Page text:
Posted on December 20th 2013
I'm not trying to spit in anybody's face(book), but you can spend all the time, resources, and tweet equity you want on a social media campaign - if your sales team isn't on board, your efforts will be compromised and results will be social mediocrity.
There has been a shift created by social media and the sales process greater than the valuation of Bitcoin or any stock. I have found that great salespeople share some common traits -- desire to change is usually not one of them. Marketers love change; salespeople often loathe it and understandably so. Once you analayze the market, find a process, establish a routine, and identify pain points and value adds that works, you stick with it. New opportunities are great, so if it's a new product or flavor of ice cream they can sell it all day. But if it's a change to the menu, they'll balk. Social media is more than a new flavor, and its more than the cherry on top; it's a whole new course. And that's not to everyone's liking.
So before the social media campaigns devised by your marketing and advertising departments will take off, your salespeople need to "buy" in and that can be a very tough sale. They understand it's a valuable tool, they are not sure of the hows and whys. I just watched a sales video that chastised sales prospects for not returning sales calls and emails. Really? Do sales organizations actually expect to lead sales efforts with outbound, unsolicited telephone calls as the primary lead generator without social media? I'm by no means saying that phone calls are unproductive or unnecessary. Quite the opposite in fact as the human touch is more important than ever in our digital world. But sales needs social media has set the table. It's no longer a special de jour.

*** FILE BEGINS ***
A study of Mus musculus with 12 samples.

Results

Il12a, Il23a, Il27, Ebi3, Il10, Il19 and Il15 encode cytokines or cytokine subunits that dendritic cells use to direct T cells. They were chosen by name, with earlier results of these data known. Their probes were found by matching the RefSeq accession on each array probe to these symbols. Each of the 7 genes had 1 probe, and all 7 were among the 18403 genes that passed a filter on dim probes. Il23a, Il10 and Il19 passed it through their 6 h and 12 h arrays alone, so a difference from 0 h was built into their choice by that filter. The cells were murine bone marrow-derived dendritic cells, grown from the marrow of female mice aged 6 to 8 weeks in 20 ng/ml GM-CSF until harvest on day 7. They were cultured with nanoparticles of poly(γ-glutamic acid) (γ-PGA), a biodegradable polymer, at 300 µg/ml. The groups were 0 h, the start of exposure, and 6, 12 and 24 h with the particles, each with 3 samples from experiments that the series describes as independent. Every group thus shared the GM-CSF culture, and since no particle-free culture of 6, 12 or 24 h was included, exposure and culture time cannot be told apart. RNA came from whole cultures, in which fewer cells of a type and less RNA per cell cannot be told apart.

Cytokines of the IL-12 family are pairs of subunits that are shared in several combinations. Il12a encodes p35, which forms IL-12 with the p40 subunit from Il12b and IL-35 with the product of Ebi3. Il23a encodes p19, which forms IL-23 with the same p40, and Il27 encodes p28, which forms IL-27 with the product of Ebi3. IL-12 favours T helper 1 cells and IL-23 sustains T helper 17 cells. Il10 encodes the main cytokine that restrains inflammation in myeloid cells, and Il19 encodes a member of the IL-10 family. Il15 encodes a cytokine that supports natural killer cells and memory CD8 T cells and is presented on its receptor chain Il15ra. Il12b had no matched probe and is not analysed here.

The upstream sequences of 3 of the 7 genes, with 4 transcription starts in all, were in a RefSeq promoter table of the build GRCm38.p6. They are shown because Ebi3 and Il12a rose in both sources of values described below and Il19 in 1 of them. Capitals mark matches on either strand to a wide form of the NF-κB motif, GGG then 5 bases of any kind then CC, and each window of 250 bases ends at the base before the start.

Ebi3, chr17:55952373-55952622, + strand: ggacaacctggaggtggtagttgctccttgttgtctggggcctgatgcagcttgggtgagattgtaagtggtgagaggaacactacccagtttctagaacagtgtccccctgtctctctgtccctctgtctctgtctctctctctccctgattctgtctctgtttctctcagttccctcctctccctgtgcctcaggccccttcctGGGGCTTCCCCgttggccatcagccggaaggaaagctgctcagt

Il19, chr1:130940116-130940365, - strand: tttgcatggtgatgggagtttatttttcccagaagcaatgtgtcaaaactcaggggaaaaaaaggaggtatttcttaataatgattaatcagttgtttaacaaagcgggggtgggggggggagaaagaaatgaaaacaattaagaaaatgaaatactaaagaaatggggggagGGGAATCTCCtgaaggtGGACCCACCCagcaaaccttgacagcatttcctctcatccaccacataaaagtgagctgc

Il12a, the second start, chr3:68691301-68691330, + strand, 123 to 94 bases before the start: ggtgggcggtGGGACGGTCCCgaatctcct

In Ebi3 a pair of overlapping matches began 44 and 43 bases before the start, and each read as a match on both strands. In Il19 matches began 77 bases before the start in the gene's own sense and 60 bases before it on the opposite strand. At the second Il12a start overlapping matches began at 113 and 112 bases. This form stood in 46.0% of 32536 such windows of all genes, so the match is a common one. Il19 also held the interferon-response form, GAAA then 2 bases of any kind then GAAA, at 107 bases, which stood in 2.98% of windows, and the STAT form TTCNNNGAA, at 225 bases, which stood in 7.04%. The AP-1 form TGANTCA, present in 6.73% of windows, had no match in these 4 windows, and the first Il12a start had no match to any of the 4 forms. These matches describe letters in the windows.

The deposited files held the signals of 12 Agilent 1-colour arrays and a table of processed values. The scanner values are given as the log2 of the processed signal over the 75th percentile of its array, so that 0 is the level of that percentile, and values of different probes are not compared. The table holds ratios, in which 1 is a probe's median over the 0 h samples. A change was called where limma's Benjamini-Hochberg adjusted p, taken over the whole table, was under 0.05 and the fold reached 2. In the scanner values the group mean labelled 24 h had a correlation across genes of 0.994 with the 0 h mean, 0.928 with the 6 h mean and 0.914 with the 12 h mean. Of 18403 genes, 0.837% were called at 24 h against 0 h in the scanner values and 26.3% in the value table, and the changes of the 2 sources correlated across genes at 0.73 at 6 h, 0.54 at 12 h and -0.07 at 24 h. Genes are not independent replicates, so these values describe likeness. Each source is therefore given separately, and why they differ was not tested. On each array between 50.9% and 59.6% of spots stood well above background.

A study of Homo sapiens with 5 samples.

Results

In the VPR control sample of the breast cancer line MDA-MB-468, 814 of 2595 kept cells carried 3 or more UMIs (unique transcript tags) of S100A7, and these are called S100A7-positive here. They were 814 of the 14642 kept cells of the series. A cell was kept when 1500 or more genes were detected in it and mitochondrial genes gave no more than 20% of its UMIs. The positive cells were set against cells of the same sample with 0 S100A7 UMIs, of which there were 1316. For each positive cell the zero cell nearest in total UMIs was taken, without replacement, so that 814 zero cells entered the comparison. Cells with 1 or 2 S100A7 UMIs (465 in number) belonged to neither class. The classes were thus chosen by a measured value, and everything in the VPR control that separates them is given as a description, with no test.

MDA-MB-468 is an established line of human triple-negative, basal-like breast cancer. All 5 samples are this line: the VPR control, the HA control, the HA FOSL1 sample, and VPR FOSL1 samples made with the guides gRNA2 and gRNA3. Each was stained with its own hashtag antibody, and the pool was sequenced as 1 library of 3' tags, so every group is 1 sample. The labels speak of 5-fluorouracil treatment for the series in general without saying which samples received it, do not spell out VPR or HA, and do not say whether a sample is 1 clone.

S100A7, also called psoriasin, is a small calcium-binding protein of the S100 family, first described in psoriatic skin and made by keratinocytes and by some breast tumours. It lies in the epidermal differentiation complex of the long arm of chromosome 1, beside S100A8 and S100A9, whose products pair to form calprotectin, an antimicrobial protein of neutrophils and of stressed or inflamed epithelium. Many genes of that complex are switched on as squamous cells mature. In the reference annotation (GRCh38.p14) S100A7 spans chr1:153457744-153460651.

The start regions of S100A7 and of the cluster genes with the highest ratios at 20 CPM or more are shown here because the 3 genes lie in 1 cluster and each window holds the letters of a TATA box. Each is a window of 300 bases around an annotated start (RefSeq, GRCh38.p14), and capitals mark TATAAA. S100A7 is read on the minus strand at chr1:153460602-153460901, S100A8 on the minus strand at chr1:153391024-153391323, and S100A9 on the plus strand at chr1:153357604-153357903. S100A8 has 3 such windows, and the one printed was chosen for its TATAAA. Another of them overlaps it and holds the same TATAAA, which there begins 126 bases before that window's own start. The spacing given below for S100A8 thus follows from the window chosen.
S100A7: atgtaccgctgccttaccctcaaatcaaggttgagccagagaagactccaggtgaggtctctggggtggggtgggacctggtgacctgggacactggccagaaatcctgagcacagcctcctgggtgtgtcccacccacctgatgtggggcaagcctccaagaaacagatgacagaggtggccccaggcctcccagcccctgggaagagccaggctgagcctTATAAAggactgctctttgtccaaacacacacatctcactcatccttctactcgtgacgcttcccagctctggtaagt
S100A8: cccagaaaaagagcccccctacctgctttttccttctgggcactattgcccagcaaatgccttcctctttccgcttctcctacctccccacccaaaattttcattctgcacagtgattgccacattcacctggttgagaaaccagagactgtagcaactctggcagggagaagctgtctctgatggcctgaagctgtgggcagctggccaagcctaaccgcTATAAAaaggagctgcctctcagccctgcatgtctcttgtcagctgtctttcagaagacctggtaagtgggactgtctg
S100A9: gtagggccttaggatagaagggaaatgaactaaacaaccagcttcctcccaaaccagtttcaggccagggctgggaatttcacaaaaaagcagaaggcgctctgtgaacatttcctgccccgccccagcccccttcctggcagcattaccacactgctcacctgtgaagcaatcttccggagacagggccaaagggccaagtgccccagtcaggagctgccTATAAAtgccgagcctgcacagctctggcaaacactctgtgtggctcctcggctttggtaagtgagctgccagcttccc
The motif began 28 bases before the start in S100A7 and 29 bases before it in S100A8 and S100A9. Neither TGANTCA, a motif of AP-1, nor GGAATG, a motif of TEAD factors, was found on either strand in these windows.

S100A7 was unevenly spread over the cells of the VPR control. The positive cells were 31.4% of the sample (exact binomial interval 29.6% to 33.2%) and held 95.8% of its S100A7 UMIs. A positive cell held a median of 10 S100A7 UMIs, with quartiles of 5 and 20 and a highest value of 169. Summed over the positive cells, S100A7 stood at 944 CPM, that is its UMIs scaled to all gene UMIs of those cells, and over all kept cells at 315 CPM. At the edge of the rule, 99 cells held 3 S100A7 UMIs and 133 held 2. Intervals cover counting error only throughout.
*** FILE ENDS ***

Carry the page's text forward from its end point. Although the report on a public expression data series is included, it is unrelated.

Acceptance from your sales team begins with their understanding on how it affects their bottom line. They don't need to know how to tweet but do need to understand the strategy that your social media team puts into place. They need to appreciate the benefits of thought leadership, the importance of establishing trust through ideas, and the benefit of breaking the cardinal rule by giving something for nothing. Engage then walk away is easier said then done.
What salespeople can agree upon is that customers buy the salesperson first and the product second. I remember when a great ad sales person I worked with was duped by unscrupulous vendor explained, "Salespeople need to believe in the product to sell it. So when it comes to other good sales people, we're an easy mark." In short, salespeople need to be the social media evangelists as well as participants.
What needs to be done is to update how business looks at sales and social media's role. Part of the blame can go to upper management that still wants to put social media soley in the marketing bucket. Sales teams often get "exempt" from new tasks as not to distract them from the primary objective of closing sales. Smart companies learned long ago that the "Separation between Church and State" that existed between sales and marketing didn't make for good business. Sales are your eyes and ears to the industry and there are no better people to know what people want and search for. Today, the more social media is integrated into the sales process, rather than lopped on top like a cherry, the greater the revenues will be.